The House special committee on peace, reconciliation and unity created a technical working group (TWG) that will consolidate all the inputs and position papers regarding House Bill 5669, seeking to create the National Transitional Justice and Reconciliation Commission for the Bangsamoro.

The Commission shall design and formulate mechanisms to implement the Transitional Justice and Reconciliation Program for the Bangsamoro which will address legitimate grievances of the Bangsamoro people, historical injustices, and human rights violations, including marginalization through land dispossession.

In formulating the mechanisms to implement the Transitional Justice and Reconciliation Program for the Bangsamoro, the Commission shall be guided by a framework of dealing with the past that respects, protects, and fulfills the right to truth, right to justice, and right to reparation of the victims and ensure non-recurrence of any violation. For this purpose, the Commission shall adopt its own operational guidelines and rules of procedure.

To assist the Commission in the performance of its duties, four sub-commissions shall be created with specific aspects of transitional justice for the Bangsamoro: sub-commission on Bangsamoro historical memory; sub-commission against impunity and on the promotion of accountability and rule of law in the Bangsamoro; sub-commission on land dispossession in the Bansamoro; and sub-commission on Bangsamoro healing and reconciliation.

The Commission shall be composed of a chairperson and four regular commissioners to be appointed by the President. Each of the commissioners shall be responsible for the four sub-commissions.

Among the functions of the Commission are to investigate, study, and recommend measures to resolve cases of individuals and communities adversely affected by armed conflict, serious violations of human rights and international humanitarian law, and outstanding land disputes in the conflict-affected areas, generally, and as provided in the mandates of the sub-commissions.

During the hearing, Lanao del Norte Rep. Mohamad Khalid Dimaporo said the issue on land conflict and disputes should likewise be considered and addressed in the NTJRCB, citing that in Lanao, there are always two claimants to a land property, a Muslim and a Christian.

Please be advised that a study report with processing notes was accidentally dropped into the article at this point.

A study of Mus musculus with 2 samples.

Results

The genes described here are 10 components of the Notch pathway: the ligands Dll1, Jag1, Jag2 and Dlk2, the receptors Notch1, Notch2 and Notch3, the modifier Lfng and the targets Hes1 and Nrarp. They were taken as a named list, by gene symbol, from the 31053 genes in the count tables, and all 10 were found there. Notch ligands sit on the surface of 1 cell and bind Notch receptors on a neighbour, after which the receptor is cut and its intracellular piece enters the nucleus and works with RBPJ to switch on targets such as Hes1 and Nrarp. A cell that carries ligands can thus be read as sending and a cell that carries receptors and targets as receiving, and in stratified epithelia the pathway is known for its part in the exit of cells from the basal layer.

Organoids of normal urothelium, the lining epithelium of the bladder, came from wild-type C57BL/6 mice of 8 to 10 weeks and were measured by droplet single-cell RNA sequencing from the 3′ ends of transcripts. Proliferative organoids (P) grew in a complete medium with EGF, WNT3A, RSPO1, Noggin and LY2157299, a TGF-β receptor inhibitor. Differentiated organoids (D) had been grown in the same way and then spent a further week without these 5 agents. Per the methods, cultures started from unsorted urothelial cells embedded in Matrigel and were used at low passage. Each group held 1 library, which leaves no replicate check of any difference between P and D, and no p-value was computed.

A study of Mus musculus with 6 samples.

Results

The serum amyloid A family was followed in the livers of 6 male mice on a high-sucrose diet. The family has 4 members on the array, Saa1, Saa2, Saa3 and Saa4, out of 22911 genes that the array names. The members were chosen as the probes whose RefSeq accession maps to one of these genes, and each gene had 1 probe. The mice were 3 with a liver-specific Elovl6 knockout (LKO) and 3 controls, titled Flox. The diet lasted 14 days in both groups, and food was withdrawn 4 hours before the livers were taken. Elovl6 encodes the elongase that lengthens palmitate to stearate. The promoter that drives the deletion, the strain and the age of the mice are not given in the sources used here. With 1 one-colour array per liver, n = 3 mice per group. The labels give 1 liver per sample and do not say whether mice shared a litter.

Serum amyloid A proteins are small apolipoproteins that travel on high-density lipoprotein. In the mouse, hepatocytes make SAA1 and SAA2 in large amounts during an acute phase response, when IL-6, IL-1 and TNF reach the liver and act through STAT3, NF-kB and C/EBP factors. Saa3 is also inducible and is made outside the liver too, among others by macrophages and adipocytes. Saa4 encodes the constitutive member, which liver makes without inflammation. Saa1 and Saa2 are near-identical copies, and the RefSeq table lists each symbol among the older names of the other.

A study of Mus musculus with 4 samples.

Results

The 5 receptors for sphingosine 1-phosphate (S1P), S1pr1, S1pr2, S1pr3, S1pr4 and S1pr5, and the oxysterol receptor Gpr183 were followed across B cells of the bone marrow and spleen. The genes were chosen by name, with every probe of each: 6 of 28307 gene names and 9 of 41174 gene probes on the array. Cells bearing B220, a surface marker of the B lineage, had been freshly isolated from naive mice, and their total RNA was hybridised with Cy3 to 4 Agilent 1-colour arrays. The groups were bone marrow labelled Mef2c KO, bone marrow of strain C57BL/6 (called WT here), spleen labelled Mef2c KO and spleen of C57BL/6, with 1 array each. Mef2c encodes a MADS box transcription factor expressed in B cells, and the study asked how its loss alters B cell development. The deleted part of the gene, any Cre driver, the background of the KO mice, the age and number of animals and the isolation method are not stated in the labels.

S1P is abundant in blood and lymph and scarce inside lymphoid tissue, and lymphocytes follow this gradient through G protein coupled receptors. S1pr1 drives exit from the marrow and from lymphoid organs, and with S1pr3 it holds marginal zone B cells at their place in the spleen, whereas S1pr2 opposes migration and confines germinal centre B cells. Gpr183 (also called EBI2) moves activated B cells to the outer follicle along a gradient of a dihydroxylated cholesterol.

He said land dispute is also prevalent in all of Mindanao, and is very hard to solve unless properly defined and stipulated in the Bangsamoro Basic Law.

Dimaporo also acknowledged the wisdom in filing HB 5669 seeking to create a Transitional Justice and Reconciliation Program aimed at addressing the legitimate grievances of the Bangsamoro people, correcting historical injustices, and addressing human rights violations and marginalization through land dispossession.

Meanwhile, in the case of the Marawi siege, Dimaporo said the government should not lump the terror activities perpetrated by the Islamic State of Iran and Syria (ISIS) with the reconciliation process of the Moro Islamic Liberation Front (MILF) which is considered an insurgent group with a different ideology.

There must be a clear definition of reconciliation in the Bangsamoro so that it could not be mixed up with the ISIS, he said.

Meanwhile, Rep. Christopher Belmonte, author of the bill, said the decades-long armed conflict in Mindanao is rooted in the legacy of historic injustice suffered by the Bangsamoro people. “Oppressive national integration policies, as well as the economic exploitation of Mindanao by external actors through the use of colonial-era land laws that enabled the dispossession of many original possessors of their land, among others, impelled the Moro National Liberation Front (MNLF) to engage in a protracted war with the Philippine government that began in the early 1970s and lasted for close to three decades. The Moro Islamic Liberation Front (MILF), which broke away from the MNLF in the late 1970s, likewise engaged in armed revolt until the late 1990s to the early 2000s,” said Belmonte.

Assistant Secretary Rolando Asuncion of the Office of the Presidential Adviser on the Peace Process (OPAPP) said that the human rights commission in the Bangsamoro is broader and highly connected with transitional justice issues. Human rights cases or incidents as far back in 1974 are historical cases and more complex that the government should work on so that they could be addressed properly, he said.